The International Treatment Effectiveness Project – or ITEP for short – has one simple aim for clients on a substance misuse pathway: to improve treatment effectiveness by making the delivery of psychosocial interventions easier and clearer, and by promoting improvements to organisations.
One of the best predictors of negative therapy outcome is lack of focus and structure.
So, a structured, systemised approach is needed if we are to make the most of ‘talking therapies’ and engage service users more effectively in care plan delivery.
ITEP gives us a toolkit to do this.
Node-link mapping is a visually-represented counselling strategy recommended by ITEP. It is used for improving communication and decision-making that can enhance any therapeutic or psycho-educational exercise, either in group or individual settings. Evidence shows mapping significantly improves treatment engagement and client progress indicators, as well as helping to compensate for a variety of cognitive and social deficits common among drug users in treatment.
As clients entering drug treatment usually have some degree of ambivalence about their use, a worker will ideally try to expose this uncertainty by exploring both the positives and negatives around substance use. The key task is to help the client develop a discrepancy between what they are doing now and how they would like to be in an ideal world. The difference between these two positions creates discomfort, which can be used to help the client move towards making changes.
As you’re aware, telling the client what to do – or offering expert opinion – does not usually achieve positive treatment outcomes. The worker will ideally aim to elicit self-motivational statements from the client and then amplify and feed them back as part of the process of building towards change. A key aim of these sessions is to install in the client the belief that they can become their own change-maker. In many cases this will lead to positive action without any directive work from the worker.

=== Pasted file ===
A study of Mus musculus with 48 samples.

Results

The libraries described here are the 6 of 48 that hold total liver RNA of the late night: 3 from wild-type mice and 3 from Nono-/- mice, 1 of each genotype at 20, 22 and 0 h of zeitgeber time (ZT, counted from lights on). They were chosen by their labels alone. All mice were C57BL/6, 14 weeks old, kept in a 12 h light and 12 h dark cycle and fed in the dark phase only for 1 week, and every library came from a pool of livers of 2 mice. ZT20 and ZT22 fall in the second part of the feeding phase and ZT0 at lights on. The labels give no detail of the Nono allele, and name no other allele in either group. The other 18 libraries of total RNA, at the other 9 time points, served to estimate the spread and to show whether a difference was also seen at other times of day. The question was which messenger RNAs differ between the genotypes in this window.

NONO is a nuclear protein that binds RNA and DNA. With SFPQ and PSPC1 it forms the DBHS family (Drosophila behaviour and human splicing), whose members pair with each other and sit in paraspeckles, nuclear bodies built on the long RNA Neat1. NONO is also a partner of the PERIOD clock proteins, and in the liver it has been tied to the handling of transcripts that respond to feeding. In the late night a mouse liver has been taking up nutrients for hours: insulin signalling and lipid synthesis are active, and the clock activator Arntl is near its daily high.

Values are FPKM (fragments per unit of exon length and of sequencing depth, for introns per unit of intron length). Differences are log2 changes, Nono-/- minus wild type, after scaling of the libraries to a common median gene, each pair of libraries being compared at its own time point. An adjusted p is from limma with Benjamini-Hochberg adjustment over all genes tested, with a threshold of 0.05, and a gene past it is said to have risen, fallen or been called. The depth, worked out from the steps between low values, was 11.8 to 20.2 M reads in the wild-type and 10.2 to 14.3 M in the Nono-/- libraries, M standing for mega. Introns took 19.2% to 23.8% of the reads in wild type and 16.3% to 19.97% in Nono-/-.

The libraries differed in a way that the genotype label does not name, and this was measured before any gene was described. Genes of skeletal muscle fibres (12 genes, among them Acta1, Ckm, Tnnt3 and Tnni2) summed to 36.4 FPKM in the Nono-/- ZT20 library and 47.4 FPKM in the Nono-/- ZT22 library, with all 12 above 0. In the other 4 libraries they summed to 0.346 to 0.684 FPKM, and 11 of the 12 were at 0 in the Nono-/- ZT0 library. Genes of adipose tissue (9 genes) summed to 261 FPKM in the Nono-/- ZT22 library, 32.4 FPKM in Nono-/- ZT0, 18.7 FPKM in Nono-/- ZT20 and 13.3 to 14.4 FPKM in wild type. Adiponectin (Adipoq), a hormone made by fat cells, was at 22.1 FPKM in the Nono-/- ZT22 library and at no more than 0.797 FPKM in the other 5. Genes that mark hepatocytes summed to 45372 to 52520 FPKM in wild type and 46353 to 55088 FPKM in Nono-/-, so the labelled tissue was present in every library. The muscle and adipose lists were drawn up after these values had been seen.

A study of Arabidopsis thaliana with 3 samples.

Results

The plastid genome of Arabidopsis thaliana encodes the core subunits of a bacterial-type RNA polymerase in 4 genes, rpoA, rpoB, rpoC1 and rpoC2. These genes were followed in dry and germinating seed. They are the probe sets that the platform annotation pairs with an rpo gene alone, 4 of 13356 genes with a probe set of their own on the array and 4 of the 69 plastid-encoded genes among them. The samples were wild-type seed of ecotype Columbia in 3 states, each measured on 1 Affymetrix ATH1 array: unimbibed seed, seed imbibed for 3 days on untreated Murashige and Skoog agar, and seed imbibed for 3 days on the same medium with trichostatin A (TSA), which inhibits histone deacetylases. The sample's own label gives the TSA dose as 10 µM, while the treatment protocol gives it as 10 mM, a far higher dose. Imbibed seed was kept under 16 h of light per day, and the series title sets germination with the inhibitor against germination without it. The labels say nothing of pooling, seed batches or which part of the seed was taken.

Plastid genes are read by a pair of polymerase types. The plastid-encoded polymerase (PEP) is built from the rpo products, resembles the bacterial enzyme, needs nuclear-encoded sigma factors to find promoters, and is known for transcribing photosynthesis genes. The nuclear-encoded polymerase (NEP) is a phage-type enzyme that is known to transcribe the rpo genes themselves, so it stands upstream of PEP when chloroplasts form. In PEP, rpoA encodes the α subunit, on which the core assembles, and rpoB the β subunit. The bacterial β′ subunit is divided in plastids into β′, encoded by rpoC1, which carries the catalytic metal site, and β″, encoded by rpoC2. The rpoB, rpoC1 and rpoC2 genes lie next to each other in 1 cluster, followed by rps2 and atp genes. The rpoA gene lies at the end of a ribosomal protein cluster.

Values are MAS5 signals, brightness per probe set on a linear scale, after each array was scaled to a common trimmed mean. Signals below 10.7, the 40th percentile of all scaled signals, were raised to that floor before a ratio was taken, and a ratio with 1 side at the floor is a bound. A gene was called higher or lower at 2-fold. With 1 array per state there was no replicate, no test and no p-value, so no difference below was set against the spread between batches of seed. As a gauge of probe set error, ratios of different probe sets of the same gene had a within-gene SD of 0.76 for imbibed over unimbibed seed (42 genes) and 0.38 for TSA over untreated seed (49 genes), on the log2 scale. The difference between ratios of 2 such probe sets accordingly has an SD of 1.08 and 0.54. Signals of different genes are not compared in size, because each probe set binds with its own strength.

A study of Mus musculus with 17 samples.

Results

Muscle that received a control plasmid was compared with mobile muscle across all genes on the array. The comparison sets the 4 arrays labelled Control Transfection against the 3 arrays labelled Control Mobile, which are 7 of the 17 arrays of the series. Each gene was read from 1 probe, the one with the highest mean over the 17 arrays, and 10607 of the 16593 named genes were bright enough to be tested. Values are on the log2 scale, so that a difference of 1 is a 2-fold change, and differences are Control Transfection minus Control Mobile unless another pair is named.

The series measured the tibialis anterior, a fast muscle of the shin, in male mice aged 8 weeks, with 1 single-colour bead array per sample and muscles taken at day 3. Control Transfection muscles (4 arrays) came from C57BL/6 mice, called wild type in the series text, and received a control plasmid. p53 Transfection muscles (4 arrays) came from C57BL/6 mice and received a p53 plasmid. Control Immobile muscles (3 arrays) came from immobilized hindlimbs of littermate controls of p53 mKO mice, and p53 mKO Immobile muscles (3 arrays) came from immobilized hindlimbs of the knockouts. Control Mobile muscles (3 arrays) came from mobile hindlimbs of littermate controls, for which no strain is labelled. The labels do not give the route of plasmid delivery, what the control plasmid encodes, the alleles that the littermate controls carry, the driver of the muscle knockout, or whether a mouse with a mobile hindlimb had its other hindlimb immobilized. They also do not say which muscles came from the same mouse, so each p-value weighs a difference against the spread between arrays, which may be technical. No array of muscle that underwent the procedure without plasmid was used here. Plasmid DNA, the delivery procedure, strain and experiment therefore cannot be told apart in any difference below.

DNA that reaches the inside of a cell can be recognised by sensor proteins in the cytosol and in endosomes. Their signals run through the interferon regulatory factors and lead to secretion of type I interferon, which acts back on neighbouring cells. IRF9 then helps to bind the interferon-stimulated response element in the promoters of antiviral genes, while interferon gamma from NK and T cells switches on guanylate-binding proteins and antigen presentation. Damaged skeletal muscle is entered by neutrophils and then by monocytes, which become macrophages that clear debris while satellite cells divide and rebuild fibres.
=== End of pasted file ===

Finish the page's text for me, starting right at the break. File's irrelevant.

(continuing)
Public Health England recognises that mapping serves several major functions in the key working process:
- It provides a communication tool for clarifying information and sharing meaning between keyworker and client. It can be used effectively with whatever therapeutic orientation or style a keyworker or counsellor follows.
- Regular use of mapping-based strategies helps with the continuity of care. Mapping worksheets or notes can be placed in the client’s file, so that discussions of Care Planning or treatment issues – for example, around goals – can be picked up where they were left off at the end of the previous session. Clients may also be offered copies of maps they have worked on in a session to help with focus and task completion between visits.
- When mapping is part of the key working or counselling process with clients, this material can be discussed jointly in supervision. Maps placed in the client’s file document efficiently outline the work being done in session. This provides a foundation and focus for supervisors to offer specific feedback and guidance.
The ITEP and Node-Link Mapping combines motivational interviewing and ITEP, together with mapping as a tool to prioritise key issues that are important for the client to address.
Of course, from the client’s perspective, it is the conversation itself that is most important. And if workers get this right, ITEP and mapping could be used as some of the stepping stones that lead to positive and lasting change.